Yesterday, the Supreme Court issued its decision in the closely-watched SEC v. Jarkesy, holding that the SEC could no longer seek civil monetary penalties for fraud in its in-house courts consistent with the Seventh Amendment, which grants the right to a jury trial and thus requires such cases to be heard in federal court. The Supreme Court’s decision has potentially profound implications, not only for the SEC’s regulation of the securities industry, but for dozens of federal administrative agencies that, depending on the authorizing statute, can or must impose civil penalties through administrative proceedings.


True to their word in several recent public statements, the Chief and Deputy Chief of the Medicaid Fraud Division have brought several recent criminal cases against dentists for fraudulent billing and unlicensed practice of dentistry.



 


In 2023, DOJ announced significant updates to the Criminal Division’s Corporate Enforcement Policy, the agency’s Voluntary Self-Disclosure Policy for corporate criminal enforcement, and a new safe harbor for voluntary self-disclosures made in connection with M&A deals, all aimed at incentivizing companies to self-disclose their misconduct.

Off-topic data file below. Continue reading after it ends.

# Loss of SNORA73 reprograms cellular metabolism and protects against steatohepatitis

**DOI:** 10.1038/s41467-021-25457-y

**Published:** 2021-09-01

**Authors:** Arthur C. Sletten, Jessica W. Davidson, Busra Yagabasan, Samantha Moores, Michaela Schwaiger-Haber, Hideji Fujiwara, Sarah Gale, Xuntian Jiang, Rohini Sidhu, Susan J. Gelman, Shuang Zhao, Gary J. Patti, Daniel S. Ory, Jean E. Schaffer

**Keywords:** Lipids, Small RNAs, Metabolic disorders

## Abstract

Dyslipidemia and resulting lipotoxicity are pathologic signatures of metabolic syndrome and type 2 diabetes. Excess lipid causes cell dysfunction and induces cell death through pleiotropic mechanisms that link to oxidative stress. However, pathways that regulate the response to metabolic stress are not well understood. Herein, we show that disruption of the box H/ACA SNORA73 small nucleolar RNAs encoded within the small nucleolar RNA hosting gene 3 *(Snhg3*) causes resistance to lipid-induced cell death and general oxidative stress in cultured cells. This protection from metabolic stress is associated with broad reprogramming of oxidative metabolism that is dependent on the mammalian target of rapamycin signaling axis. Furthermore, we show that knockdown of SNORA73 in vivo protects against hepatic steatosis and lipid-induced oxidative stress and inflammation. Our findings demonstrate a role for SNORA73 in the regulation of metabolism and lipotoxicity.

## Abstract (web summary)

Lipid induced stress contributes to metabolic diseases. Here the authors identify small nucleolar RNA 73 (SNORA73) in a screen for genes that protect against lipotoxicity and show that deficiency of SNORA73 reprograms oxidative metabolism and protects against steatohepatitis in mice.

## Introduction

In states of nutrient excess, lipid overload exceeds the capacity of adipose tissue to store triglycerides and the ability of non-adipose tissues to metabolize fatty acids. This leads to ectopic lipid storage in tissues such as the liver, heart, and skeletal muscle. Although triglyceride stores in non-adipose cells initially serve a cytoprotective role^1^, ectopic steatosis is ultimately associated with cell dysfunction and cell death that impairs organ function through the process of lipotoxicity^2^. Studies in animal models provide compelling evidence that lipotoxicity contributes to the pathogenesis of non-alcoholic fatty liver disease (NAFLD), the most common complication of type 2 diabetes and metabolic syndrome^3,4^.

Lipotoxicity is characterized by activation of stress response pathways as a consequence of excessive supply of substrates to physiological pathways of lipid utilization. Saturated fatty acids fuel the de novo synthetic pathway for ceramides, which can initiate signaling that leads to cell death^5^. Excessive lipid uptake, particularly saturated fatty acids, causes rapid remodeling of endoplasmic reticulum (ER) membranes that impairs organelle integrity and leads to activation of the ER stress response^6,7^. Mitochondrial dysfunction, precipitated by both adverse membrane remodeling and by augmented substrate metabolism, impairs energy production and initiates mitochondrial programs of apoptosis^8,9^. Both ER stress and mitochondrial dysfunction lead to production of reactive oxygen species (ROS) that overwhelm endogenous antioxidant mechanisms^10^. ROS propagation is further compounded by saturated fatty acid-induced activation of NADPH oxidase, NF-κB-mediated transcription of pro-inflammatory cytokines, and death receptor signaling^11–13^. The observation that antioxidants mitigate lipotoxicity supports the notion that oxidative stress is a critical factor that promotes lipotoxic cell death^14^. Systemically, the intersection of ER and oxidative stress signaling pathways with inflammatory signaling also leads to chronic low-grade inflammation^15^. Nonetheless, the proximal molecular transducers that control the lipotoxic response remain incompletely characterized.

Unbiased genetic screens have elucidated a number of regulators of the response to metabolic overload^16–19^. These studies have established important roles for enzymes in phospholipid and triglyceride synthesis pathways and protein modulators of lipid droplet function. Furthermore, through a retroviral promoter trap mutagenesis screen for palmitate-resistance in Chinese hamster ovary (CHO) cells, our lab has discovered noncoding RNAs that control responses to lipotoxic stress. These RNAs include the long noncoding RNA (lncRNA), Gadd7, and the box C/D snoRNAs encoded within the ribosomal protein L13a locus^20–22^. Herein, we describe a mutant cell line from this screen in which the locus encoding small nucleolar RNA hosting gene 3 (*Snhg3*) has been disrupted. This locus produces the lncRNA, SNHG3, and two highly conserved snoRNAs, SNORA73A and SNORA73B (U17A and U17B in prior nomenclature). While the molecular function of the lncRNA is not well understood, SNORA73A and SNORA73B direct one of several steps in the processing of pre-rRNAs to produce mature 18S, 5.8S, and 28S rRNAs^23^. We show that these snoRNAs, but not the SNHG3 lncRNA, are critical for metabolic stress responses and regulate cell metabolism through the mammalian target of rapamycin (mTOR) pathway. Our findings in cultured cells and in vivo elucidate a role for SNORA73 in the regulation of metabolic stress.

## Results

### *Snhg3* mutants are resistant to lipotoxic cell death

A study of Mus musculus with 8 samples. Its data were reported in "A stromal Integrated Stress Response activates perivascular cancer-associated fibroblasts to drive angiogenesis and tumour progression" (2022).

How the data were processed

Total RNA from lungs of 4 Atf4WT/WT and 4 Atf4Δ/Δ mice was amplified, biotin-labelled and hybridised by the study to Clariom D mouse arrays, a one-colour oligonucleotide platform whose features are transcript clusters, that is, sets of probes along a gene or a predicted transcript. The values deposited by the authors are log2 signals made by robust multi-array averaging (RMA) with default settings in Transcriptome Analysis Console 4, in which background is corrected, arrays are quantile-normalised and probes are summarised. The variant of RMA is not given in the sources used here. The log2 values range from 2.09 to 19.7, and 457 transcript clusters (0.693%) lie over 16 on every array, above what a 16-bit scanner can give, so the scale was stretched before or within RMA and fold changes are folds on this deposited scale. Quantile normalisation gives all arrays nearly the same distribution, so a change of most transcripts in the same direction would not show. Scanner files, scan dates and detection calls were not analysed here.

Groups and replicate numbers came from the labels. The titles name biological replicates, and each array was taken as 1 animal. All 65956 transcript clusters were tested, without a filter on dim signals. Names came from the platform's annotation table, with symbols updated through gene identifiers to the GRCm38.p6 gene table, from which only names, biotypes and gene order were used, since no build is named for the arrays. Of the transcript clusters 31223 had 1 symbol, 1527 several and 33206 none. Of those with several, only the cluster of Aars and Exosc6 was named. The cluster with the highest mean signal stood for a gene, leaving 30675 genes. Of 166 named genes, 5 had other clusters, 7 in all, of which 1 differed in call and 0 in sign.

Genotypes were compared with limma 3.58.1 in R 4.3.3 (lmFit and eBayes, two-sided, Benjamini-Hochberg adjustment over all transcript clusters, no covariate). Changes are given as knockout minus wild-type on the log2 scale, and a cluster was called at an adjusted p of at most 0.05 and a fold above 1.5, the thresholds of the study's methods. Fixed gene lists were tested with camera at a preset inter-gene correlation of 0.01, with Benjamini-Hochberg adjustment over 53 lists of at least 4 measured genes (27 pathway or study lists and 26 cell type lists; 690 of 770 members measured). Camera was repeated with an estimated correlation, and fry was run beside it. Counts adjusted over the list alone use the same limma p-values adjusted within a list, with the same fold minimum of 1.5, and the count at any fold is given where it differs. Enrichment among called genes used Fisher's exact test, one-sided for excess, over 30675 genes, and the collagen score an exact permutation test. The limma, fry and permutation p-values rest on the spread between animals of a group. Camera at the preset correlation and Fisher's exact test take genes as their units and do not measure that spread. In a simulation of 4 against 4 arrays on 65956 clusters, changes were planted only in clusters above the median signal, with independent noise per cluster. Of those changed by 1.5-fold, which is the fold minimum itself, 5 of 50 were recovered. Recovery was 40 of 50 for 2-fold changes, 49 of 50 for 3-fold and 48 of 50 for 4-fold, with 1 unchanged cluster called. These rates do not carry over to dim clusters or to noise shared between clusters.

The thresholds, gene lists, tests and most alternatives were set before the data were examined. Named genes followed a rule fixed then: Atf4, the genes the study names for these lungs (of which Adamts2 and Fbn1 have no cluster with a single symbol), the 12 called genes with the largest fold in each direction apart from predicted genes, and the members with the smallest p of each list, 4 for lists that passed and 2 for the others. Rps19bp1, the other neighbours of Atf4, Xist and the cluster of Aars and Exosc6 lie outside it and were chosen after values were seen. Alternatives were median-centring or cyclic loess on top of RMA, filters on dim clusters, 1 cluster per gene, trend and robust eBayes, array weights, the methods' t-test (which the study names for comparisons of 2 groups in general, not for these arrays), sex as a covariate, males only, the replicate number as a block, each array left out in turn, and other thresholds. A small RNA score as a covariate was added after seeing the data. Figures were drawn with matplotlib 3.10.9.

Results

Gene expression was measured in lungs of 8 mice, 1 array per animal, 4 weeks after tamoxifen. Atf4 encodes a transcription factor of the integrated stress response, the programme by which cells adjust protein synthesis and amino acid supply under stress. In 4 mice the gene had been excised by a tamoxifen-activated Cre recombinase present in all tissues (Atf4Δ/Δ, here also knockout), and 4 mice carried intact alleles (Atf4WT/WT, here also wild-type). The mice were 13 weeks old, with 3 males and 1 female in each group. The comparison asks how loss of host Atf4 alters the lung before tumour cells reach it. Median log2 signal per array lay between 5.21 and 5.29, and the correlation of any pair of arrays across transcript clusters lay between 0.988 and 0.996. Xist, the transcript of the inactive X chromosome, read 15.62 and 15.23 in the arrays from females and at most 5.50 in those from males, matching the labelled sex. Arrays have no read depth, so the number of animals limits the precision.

The August 20, 2020 decision in In re: Volkswagen “Clean Diesel” Mktg., Sales Practices, and Prods. Liab. Litig., MDL No. 2672 CRB (JSC) by the United States District Court for the Northern District of California (“the Opinion”), dismissing a significant portion of the SEC’s federal securities claims against Volkswagen as having been previously released by the DOJ, serves as an important reminder for why such coordination is important and how defendants may take advantage of the failure to coordinate, as did Volkswagen.